Are Apple’s new iPhones environmentally friendly? It depends on which rating system you ask.

Device repair hub iFixit recently conducted teardowns of the iPhone 8 and iPhone 8 Plus to judge how easily they could be repaired. On a scale of 1 to 10, with 10 being easiest to repair, it gave them each a 6, one point lower than for their iPhone 7 and iPhone 6 counterparts.

“Waterproofing and that hard-to-remove, crackable back glass pushes the iPhone 8 below the historical iPhone score, earning the phone a 6/10 on our repairability scale,” according to an iFixit blog post.

Lisa Jackson, Apple’s vice president of environment, policy and social initiatives, told TechCrunch the company focuses on making durable products, minimizing repairs and replacements.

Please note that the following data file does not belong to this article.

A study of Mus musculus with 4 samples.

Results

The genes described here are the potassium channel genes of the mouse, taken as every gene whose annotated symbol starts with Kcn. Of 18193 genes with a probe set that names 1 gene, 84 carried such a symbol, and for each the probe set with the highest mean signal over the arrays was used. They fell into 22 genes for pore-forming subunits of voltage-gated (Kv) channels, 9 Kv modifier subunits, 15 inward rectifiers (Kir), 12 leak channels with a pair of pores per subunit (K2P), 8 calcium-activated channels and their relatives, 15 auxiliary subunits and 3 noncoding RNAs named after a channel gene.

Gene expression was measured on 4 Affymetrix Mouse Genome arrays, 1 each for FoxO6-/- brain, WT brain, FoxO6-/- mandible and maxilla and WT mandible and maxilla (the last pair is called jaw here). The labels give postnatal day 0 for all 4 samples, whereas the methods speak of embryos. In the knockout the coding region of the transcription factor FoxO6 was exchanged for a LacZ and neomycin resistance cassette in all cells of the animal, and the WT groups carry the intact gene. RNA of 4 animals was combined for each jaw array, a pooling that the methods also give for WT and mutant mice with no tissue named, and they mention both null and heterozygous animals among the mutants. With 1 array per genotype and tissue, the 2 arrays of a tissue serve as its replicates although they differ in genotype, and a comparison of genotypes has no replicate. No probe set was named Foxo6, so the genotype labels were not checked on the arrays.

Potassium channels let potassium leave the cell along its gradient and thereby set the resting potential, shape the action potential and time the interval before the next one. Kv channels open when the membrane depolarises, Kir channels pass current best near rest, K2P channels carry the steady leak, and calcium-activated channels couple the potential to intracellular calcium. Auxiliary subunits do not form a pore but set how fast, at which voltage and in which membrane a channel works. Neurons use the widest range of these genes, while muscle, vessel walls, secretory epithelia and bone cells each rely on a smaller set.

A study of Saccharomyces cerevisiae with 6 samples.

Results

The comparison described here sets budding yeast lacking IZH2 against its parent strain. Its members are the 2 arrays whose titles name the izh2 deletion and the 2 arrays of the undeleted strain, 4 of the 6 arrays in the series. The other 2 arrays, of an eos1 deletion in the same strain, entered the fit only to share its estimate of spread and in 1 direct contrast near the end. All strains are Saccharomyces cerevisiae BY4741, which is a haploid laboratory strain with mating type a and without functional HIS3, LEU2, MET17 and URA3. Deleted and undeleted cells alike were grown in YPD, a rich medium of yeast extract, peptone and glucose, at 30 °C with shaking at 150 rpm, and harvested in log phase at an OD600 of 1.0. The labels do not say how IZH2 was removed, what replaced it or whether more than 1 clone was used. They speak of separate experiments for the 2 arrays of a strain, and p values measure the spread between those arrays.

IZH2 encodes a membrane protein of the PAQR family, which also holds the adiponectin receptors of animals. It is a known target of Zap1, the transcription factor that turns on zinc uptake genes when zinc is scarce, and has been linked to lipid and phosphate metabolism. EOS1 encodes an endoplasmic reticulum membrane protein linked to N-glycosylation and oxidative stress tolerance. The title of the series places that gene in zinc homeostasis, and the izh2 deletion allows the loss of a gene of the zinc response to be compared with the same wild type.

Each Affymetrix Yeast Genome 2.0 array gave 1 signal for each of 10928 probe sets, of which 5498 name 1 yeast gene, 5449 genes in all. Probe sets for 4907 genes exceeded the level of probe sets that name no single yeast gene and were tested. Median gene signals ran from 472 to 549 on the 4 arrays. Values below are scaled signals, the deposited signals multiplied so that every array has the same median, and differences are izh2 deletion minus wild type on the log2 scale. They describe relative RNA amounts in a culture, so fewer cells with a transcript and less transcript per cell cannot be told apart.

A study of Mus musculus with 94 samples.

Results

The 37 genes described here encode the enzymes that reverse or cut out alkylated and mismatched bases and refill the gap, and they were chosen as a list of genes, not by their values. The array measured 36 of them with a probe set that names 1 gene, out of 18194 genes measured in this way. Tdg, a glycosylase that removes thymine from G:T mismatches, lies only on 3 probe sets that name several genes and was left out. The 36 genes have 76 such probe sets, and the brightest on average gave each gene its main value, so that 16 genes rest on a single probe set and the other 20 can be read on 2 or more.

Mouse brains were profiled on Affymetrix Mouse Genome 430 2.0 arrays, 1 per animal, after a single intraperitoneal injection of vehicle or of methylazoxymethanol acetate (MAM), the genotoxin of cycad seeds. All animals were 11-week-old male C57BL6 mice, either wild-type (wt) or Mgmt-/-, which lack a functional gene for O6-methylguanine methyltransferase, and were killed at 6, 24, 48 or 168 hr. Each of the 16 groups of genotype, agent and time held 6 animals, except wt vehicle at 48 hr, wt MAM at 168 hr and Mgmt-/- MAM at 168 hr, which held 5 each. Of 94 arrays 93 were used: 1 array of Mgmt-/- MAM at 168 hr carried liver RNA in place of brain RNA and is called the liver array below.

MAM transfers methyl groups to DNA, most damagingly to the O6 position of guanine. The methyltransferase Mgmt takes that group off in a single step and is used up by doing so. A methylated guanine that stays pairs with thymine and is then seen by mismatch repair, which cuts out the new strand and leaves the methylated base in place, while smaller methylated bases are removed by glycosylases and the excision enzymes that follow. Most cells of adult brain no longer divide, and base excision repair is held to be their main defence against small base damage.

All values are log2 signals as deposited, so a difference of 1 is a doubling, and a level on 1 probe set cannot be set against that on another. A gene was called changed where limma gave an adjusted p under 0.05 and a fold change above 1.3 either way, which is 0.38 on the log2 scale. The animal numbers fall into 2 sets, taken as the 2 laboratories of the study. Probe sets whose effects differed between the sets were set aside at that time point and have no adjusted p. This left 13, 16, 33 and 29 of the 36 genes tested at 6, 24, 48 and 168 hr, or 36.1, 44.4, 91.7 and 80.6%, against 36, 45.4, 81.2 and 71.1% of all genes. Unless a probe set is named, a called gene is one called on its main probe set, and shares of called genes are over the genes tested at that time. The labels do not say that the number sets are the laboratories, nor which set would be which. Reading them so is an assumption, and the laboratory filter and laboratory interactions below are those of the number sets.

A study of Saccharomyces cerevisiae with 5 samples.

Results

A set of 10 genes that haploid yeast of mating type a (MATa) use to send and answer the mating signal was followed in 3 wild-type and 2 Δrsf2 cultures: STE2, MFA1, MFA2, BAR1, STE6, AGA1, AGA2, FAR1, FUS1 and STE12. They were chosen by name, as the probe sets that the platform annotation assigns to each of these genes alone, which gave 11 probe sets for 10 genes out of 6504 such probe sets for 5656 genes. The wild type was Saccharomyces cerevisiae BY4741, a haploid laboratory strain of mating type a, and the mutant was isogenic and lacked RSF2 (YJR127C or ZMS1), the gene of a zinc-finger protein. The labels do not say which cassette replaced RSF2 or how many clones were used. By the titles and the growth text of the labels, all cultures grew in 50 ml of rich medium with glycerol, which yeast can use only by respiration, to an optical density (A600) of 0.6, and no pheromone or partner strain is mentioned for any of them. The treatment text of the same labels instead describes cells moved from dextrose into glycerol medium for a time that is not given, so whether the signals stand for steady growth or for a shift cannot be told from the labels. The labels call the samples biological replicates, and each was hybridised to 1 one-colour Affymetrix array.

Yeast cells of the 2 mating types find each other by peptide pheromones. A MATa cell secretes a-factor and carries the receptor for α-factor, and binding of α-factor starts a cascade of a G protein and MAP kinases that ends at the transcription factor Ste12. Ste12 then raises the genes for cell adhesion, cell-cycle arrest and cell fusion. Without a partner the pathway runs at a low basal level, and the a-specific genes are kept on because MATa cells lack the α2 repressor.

Meanwhile, the Electronic Product Environmental Assessment Tool (EPEAT), a sustainable electronics rating system, has listed the iPhone 8 and 8 Plus have been as achieving gold, the highest possible rating. The ratings are based on a standard developed by Underwriters Laboratories, which used a voluntary consensus process involving a balanced group of stakeholders, the program manager previously told E-Scrap News.

Repairability is only a small part of the standard, which covers the following criteria: supply chain management of materials, sustainable materials use, substances of concern, energy-use requirements, end-of-life management, packaging, corporate sustainability, life-cycle assessment, supply chain impacts and innovation.

In “end-of-life management,” which includes repairability criteria, the latest iPhones scored a 1 out of 9 possible points. It received high marks in other areas, including energy use, where it earned 25 out of 25 points.